Dear Readers,

I now consider this blog to be my Juvenelia. Have fun perusing the archives, and find me at my new haunt, here.

Sunday, July 05, 2009

Question of the Weekend: Is There Such A Thing as The Great American Novel...

and if there is one, which is it?

Is it To Kill A Mockingbird, Huck Finn, Invisible Man or Beloved for exploring race relations and the fallout from slavery, which is the ultimate American crime and eternal blot on our history?

The House of Mirth or The Great Gatsby for revealing the insider/outsider dynamic and the downside to American obsession with class mobility?

The Scarlet Letter or the Age of Innocence for plumbing the depths of Puritan prudery?

The Grapes of Wrath? The Sound and the Fury? My Antonia? Moby Dick?

If I had to vote I'd probably pick Beloved, Gatsby and the Scarlet Letter because I think they hit at three essential American themes and they're fairly accessible despite their genius, but I can totally see arguments for any of the above, plus a host of others. What do you think?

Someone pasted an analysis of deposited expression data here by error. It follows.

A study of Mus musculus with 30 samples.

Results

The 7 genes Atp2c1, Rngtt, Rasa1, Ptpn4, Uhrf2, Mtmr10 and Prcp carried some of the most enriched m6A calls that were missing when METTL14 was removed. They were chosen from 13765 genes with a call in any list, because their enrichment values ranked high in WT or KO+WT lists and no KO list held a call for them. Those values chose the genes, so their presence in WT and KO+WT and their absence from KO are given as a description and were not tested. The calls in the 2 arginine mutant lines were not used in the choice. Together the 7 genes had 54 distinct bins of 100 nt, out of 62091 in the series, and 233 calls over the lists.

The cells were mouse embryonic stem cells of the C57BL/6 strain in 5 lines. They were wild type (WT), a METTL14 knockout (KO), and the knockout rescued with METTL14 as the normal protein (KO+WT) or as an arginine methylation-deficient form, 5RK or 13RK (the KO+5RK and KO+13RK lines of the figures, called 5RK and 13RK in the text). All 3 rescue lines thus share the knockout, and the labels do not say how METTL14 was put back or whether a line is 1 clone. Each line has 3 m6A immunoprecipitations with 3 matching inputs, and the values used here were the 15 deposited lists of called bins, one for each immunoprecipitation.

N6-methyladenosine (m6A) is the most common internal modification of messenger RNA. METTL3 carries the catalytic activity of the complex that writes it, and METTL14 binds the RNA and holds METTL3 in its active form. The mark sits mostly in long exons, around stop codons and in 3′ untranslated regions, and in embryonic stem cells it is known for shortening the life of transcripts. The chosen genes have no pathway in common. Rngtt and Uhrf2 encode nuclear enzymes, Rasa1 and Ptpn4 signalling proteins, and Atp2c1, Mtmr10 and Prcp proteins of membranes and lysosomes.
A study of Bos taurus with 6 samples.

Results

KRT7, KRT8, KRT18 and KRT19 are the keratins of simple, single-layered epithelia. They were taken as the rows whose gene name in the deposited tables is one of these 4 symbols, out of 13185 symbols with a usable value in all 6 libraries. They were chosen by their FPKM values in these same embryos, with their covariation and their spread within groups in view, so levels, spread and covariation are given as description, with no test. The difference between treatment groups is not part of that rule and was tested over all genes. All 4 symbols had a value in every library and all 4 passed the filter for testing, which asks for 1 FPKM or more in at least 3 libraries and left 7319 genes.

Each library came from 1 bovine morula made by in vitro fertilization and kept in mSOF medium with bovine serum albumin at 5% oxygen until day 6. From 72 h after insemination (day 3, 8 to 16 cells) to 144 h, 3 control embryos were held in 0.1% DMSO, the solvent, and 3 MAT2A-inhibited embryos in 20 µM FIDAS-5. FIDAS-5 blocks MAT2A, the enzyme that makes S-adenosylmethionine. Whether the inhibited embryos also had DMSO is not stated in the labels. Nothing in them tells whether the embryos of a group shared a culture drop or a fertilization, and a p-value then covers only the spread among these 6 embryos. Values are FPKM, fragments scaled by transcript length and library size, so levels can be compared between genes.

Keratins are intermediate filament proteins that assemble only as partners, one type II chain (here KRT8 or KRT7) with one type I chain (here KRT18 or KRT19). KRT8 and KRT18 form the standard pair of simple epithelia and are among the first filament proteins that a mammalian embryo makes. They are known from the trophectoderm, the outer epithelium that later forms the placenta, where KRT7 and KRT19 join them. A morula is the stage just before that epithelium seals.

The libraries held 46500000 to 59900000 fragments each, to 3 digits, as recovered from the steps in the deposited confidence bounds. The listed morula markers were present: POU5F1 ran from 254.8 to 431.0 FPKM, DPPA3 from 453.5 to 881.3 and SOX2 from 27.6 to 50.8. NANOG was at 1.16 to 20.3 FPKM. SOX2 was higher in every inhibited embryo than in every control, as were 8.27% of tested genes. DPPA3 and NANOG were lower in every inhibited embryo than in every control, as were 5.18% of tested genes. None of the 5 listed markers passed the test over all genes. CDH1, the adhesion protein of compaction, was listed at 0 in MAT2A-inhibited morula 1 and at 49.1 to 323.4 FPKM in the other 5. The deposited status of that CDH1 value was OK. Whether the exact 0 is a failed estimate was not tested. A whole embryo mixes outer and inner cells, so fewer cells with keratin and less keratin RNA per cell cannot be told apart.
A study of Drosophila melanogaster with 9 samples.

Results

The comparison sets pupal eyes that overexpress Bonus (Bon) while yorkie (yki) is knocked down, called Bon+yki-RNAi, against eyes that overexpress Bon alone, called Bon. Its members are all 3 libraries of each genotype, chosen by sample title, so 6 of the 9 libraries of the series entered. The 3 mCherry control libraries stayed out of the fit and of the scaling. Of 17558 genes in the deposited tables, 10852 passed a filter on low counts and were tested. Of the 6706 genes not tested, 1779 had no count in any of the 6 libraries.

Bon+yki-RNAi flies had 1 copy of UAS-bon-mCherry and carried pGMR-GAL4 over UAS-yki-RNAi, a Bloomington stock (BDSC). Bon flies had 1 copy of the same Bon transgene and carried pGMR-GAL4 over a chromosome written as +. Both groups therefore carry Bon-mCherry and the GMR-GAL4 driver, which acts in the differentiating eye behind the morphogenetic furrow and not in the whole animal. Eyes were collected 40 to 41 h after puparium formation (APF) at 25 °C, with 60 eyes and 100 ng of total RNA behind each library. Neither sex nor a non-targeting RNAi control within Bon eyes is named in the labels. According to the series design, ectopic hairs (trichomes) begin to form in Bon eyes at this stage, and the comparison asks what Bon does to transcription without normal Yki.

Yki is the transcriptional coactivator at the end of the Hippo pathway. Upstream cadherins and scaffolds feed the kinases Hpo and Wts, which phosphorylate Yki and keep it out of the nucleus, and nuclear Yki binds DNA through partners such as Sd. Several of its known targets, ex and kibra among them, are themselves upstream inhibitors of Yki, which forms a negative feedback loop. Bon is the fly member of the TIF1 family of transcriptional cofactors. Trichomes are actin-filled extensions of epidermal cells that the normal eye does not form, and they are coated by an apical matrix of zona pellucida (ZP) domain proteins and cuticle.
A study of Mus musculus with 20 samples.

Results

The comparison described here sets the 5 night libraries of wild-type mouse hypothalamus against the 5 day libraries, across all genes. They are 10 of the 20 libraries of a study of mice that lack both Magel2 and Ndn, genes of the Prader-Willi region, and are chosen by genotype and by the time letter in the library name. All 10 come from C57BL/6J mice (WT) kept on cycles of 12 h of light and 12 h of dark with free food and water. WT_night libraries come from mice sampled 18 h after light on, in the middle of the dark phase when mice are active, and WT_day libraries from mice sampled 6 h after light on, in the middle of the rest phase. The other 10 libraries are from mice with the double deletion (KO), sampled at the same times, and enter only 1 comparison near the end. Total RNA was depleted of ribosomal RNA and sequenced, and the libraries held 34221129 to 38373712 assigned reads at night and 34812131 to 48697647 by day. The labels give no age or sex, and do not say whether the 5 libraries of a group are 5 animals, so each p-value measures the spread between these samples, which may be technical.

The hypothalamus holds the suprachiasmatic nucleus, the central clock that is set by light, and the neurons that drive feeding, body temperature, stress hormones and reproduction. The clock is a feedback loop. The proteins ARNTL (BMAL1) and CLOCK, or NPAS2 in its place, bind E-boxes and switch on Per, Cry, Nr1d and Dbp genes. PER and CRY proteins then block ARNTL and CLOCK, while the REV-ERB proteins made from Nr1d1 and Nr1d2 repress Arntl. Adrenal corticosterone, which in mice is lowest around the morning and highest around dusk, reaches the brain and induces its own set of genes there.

And which great American novels do you want to read, or which couldn't you care less about?

[Note: moved up from Friday]
Happy holiday.


  1. I vote House of Mirth, Scarlet Letter, and Beloved. My solo vote would go to House of Mirth... I know it doesn't hit on slavery at all, but it is such a perfection of a novel, to my mind, and it crystallizes the insider/outsider theme you mention so well, and has a great deal to say about the status of women in US society (STILL), that I think it stands up in this contest remarkably well.

  2. I had always leaned towards Huck Finn when forced to choose. Lately I'm thinking of The Scarlet Letter more, mostly for personal interest. One phrase you use ("they're fairly accessible despite their genius") intrigues me. If the Great American Novel really exists, must it have that accessibility? Perhaps the Great American Novel is so great, and so endowed with genius, that we haven't even figured it out? Rhetorical food for thought.